A flick of the baton, a nod of the head, a pointed finger, a hand waving gracefully through the air, a humming along to the music, this is all in a day’s “work” for Gustavo Dudamel, conductor of the Los Angeles Philharmonic Orchestra, one of the world’s best. During a concert, he artfully conveys and displays the love he feels for music, as if it has taken hold of his soul, and both the LA Phil and the audience return this passion.
How do you explain genius, or how do you quantify who is a genius and who isn’t?
Gustavo Dudamel is a genius — yes, I am using that word. No MENSA test is required here! All you have to do is attend one of his concerts and you, too, will be a believer.
I have never seen anyone come this close to perfection in my life. In fifty years of listening to music, from Los Angeles to New York to La Scala, no one has moved me or made me laugh as much as Dudamel. Dudamel and his baton entice you into the orchestra, and soon you are circumventing gravity and, like the conductor himself, soaring as high as a human can get. (Even his hair is airborne!)
Maestro Dudamel simply sees in a music score what other conductors don’t see: he is moved by the music and feels it like no one else can. He then conveys these feelings to the orchestra, bringing out stellar performances from the LA Phil. Anyone who thinks he is pretentious is sadly mistaken, because one can see that he feels the music in all his senses and is true to the composer and the composition in his interpretations. I wish I could hear him play the violin, the first instrument he studied — it must be electrifying.
I have listened to him at the LA Phil’s Casual Friday Night talks, and the way he describes the music you know he has gotten what mere mortals could not have gotten out of both the score and the orchestra.
He was talking with great passion and compassion about Leonard Bernstein after a concert where he had played a Bernstein piece and the reverence he feels toward composers and their music was evident. Someone asked him why he doesn’t have the musical score in front of him while he is conducting and he said, “I cannot read music.” Dudamel has a wonderful sense of humor!
He reminds me of Caravaggio, a famous painter in the 1600’s, who never had to do a preliminary drawing. Caravaggio just let his creativity flow freely and ultimately his works changed the way subsequent generations painted, as will Dudamel with his conducting.
Dudamel, unlike Caravaggio, does go over a work … until it becomes his soul, and his soul always soars free, having found the music within the music, as it were.
I have what I consider the best seats in the house at Disney Hall, home of the LA Phil, behind the orchestra where I can see him conduct face-to-face, as if I were part of the orchestra. On October 15th, I was present to hear Tchaikovsky’s Fifth Symphony and Ravel’s Daphnis and Chloe Suite No. 2. Gustavo appeared to stop conducting for a short time during the Tchaikovsky, trusting the orchestra to conduct themselves. You have to trust in the people you work with and his action speaks volumes. I have never seen a conductor trust an orchestra that much: it was as if he sat back for a second to enjoy the magnificent music he had structured, and when he returned his gestures were as unique as ever, sometimes even funny. Who couldn’t like classical music after experiencing Dudamel? The audience gave him a five minute standing ovation for this performance, which moved even veteran players in the orchestra who have performed the piece countless times.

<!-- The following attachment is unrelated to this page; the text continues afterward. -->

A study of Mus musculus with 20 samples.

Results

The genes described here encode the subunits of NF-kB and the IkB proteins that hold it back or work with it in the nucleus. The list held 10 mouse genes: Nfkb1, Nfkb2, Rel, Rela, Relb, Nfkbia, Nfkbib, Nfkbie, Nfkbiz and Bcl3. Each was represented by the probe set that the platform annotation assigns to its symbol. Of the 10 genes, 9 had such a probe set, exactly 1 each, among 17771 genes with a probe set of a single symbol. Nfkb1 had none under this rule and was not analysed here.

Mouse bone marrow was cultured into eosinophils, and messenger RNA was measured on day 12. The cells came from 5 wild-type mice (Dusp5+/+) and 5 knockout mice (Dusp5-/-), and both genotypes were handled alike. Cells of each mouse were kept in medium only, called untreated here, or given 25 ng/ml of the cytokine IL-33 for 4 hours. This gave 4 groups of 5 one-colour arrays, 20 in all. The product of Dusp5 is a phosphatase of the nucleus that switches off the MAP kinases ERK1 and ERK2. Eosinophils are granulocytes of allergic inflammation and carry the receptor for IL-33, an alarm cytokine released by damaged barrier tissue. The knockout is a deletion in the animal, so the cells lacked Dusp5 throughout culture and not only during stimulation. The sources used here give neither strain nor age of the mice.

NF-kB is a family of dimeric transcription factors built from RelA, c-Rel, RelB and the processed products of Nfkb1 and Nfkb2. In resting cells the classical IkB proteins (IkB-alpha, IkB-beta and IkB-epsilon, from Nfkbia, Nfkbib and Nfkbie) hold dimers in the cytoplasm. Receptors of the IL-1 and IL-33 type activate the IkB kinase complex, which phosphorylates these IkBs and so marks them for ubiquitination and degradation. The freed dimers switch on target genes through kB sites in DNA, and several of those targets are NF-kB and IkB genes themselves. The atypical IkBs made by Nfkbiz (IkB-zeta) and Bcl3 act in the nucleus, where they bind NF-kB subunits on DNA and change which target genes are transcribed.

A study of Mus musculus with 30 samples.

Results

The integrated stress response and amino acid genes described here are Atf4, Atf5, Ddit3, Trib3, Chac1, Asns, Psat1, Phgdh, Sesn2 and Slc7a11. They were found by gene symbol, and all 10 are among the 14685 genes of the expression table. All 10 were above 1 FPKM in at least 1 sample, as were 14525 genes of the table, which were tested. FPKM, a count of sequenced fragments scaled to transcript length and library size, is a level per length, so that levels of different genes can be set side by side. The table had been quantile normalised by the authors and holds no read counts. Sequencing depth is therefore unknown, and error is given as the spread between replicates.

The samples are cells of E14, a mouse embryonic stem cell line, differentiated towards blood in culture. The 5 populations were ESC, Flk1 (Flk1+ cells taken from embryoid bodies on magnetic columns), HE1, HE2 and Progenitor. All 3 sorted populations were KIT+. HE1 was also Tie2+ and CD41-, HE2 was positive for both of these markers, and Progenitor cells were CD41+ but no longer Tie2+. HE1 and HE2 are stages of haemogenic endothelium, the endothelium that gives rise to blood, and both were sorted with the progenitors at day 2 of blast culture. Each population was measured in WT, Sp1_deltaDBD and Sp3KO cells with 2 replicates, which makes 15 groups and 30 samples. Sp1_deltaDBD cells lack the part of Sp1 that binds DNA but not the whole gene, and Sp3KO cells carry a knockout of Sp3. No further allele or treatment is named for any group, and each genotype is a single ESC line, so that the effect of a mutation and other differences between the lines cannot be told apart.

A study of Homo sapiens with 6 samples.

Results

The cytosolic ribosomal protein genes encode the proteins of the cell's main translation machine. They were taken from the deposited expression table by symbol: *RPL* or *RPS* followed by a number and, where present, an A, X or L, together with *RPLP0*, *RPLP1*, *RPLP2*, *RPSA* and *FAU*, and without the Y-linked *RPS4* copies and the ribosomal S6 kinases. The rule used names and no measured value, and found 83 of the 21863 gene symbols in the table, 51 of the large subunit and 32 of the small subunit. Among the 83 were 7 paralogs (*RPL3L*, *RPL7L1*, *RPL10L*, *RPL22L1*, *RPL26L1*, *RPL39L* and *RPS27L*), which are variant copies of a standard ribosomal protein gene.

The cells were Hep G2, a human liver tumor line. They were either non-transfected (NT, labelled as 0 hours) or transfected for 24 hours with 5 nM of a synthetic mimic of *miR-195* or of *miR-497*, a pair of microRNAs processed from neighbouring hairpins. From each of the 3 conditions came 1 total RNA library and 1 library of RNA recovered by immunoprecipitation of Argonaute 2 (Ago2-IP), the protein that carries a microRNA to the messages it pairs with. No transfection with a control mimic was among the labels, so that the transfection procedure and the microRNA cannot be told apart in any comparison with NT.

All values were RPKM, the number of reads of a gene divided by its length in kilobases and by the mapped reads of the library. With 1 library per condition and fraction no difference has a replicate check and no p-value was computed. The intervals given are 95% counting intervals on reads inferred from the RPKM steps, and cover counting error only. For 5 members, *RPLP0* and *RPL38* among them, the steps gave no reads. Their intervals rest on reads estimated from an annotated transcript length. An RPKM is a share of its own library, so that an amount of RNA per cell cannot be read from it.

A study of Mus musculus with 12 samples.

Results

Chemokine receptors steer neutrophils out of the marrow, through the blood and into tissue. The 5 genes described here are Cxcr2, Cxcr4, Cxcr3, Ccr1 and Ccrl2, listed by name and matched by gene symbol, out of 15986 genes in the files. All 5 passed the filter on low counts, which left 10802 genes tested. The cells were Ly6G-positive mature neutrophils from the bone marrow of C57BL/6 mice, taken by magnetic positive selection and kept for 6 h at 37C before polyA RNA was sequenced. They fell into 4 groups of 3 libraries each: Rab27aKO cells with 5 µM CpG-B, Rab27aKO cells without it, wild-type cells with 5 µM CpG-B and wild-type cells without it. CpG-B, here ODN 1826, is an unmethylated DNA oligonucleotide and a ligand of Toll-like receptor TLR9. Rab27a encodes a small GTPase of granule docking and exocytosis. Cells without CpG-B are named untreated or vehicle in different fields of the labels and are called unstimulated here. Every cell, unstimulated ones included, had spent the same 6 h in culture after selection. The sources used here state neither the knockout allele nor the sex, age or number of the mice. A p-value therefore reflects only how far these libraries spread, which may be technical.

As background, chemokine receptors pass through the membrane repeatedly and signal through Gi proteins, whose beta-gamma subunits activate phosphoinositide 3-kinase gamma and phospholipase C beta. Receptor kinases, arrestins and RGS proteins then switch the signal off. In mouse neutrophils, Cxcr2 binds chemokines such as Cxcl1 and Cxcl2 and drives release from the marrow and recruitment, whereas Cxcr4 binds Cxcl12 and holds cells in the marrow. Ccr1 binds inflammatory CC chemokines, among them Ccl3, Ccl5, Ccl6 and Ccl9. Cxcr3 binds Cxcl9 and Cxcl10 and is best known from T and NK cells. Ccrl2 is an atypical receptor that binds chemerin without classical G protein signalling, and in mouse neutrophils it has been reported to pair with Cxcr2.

At the end of a piece, Dudamel always salutes and recognizes musicians who have had solo pieces and then has the whole orchestra stand, in celebration of their joint efforts. These gestures are clearly, with Dudamel, not just a matter of form.
I have brought many a friend to one of his concerts and each comes away in awe of Dudamel and with a newfound reverence for classical music. One friend said he is so good he could have conducted the Beatles.
Dudemal must have begun conducting in the womb because both of his parents were musicians. He was born in Venezuela and started studying conducting at age fourteen, and this is where the genius part comes in, because he began winning conducting prizes while still in his teens. This genius was recognized early by such conducting greats as Esa Pekka Salonen and Simon Rattle.
The world could see that he was special, and he conducted at La Scala in Milan, the Israel Philharmonic, and the Los Angeles Philharmonic as well as other great venues. Perfecto! He also signed a recording contract with the prestigious Deutsche Gramophone. In other words, he arrived!
He began his tenure as the Musical Director of the LA Philharmonic in 2009, upon the recommendation of his illustrious predecessor Salonen. At that time he hardly spoke English, but subsequently his English has improved considerably.
Dudamel works with a youth orchestra here in Los Angeles, teaching children the way he was taught in Venezuela at the Orquesta Sinfónica Simón Bolívar in Caracas, which he now leads. Under his tutelage, this orchestra has achieved international renown and is one of the most popular on the world stage.
He is also currently the Principal Conductor of the Gothenburg Symphony in Gothenburg, Sweden. Indeed, his popularity is evident on every continent.
I think what sums up Dudamel is his love of life and the exploration of it, and his ability to convey his feelings both musical and personal to others. Having met him, I can attest to his inspirational presence and I thank the gods that we have him in Los Angeles to make beautiful music in his own remarkable way.